My name is Mateo del Blanco and I have been given charge of the National Delegation for Missionary Animation in Spain.
My Salesian life was centred on school and on educative-didactic tasks; the topic of Missions had only a minor presence in my day-to-day life. Being part of the Mission Office of Madrid and assuming this year the responsibility for the National Delegation, I am now fully immersed in this commitment. While I will try to do my best, I encourage those who are already involved, to continue to promote the Missions, each one in his own environment, as a means to live the Faith better in the monotony of daily life.
A fraternal embrace.
▀ Fr. Mateo Del Blanco SDB
National Delegate for Missionary Animation in Spain
For thousands of years indigenous peoples have followed ways of life that show great respect for creation. For them, land is a gift from the Creator and from their ancestors who rest there, a sacred space with which they need to interact if they are to maintain their identity and values. (Laudato Si’, 146). Their traditional beliefs, cultural practices and worldview express their recognition of a Supreme Being. Though some of their cultural practices and superstitions could demean human dignity, their many customs and traditions give great importance to social values which are centred on concern for others.
In the course of history numerous bishops, priests, religious and lay faithful gave even their lives in the defence of the dignity of indigenous peoples so that they may know Jesus Christ and his Gospel. However, it is a fact that injustice was done to them, at times, without opposition from religious leaders. Hence, “it is necessary to acknowledge in all sincerity the abuses committed due to the lack of love on the part of those persons who were unable to see the indigenous peoples as their brothers and sisters, as children of the same Father.” (St. John Paul II, Santo Domingo, 13 Oct 1992).
Our concern for the indigenous peoples is not in support of any ideology nor lobby groups. It is rooted, instead, in our fundamental identity as created in the image and likeness of God which is deeper than any indigenous identity. The Church embraces indigenous peoples with their cultures so that they may discover the points of concurrence between their indigenous values and the traditions and the teachings of Jesus Christ. This dialogue teaches us to appreciate our inalienable responsibility to preserve our own environment, culture and traditions in the excellent manner they had done. They, in turn, are helped to discover the reflections of ‘the ray of that Truth which enlightens all’ (Nostra Aetate, 2) in their indigenous values, cultures and traditions.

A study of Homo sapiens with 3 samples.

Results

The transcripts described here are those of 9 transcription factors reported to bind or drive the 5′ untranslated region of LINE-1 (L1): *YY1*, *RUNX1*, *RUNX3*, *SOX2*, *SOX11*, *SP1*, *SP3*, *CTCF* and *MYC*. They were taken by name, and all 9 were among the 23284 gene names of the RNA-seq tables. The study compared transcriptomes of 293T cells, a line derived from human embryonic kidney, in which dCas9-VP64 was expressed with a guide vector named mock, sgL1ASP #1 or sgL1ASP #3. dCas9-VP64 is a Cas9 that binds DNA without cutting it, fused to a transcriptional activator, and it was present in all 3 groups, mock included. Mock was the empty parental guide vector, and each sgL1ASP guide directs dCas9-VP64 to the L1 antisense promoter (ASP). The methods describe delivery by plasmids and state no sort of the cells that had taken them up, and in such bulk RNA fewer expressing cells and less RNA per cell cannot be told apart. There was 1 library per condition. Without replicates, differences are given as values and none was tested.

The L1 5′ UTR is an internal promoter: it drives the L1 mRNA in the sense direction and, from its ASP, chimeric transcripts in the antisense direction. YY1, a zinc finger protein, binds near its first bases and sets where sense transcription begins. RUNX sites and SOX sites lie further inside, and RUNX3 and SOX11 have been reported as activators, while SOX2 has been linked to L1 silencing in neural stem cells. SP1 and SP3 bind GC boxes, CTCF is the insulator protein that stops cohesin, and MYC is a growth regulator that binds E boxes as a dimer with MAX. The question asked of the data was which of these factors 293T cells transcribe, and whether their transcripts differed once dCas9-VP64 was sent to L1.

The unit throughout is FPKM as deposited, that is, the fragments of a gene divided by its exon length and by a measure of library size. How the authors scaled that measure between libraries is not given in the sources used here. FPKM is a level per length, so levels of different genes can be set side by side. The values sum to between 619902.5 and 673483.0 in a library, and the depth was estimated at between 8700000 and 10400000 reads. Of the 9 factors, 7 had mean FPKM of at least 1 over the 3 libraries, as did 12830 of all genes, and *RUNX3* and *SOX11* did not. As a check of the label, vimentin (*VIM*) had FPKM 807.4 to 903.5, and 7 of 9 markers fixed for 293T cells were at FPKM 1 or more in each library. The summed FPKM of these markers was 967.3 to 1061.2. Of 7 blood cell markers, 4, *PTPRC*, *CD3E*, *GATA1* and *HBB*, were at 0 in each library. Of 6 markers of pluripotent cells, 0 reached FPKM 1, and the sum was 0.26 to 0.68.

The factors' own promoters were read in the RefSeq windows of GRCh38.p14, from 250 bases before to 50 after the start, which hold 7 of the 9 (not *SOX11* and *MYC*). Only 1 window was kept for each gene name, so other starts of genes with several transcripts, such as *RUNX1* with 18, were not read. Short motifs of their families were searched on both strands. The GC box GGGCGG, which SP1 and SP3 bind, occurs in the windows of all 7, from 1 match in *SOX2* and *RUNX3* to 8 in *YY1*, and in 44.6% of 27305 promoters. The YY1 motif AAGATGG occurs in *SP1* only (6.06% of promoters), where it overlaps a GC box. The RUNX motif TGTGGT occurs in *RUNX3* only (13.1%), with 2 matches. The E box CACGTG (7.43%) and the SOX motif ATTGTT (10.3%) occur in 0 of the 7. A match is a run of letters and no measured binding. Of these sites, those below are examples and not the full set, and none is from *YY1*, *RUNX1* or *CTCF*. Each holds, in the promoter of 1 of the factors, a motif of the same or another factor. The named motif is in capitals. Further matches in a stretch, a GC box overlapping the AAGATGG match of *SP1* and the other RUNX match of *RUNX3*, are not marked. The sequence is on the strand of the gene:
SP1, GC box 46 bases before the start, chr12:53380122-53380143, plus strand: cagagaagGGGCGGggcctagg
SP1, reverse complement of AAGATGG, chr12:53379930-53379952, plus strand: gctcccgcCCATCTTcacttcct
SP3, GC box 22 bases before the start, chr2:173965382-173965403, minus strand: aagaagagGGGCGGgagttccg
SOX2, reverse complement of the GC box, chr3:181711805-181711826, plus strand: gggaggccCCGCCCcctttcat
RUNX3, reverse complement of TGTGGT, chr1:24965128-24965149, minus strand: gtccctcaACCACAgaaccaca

Don Bosco sent his missionaries to the indigenous people of Patagonia. Today Salesians actively promote and preserve the identity of indigenous peoples by establishing cultural museums, writing dictionaries, grammars and other books. They promote programmes that foster their integral evangelisation. Indeed, our work among indigenous peoples is an important expression of Salesian commitment for the poor and marginalised.
▀ Fr. Alfred Maravilla SDB
General Councillor for the Missions
Dear Fr Antonio, what is the situation of the sick confreres in your house and how do you help them not to feel useless and unwanted?
Within the Salesian house of El Campello there is the El Mirador retirement home. There are currently 8 confreres that need all-day care. The house is run by a team of nurses, who work in three shifts, covering 24 hours a day.
We, the six active confreres in the community, interact very directly with our sick brothers in the El Mirador nursing home. Jesús takes care of pharmacy matters, visits to doctors and assistance in the hospital. Félix accompanies them daily on walks around the house, attending to their visitors. Manolo Bellver celebrates the Eucharist and prays with them daily. I, as the Rector, take care of the daily visits, conversations, listening and attending to their needs, together with the other confreres in the community. To make them feel active, we assign them specific tasks. When a confrere has his birthday, we all get together for dinner. We do this also at Christmas, Easter and major Salesian feasts.
What is the greatest contribution of the elderly and sick confreres to the Salesian mission?
We have always maintained - and we know this from direct experience - that sick confreres have given their whole life for the Congregation, have given themselves body and soul, and have contributed to the growth of the Salesian presence in the Province, wherever they have been part of Salesian communities. They are confreres with a great missionary trajectory: they have aroused vocations, accompanied young people in their growth in the faith, and continue to be authentic living examples of Don Bosco through their presence.
How can we learn to accept ageing, our limitations and our inabilities?
Being part of this Salesian presence, with a small community of confreres living with other sick Salesians, is a blessing, a reward that the Lord grants us. I learn a lot through my daily life with them and, without a doubt, it is a real school that teaches us how to be elderly, sick and dependent on others. These are lessons that our brothers offer us every day, without losing heart, with Christian hope, always offering their personal situation to God the Father.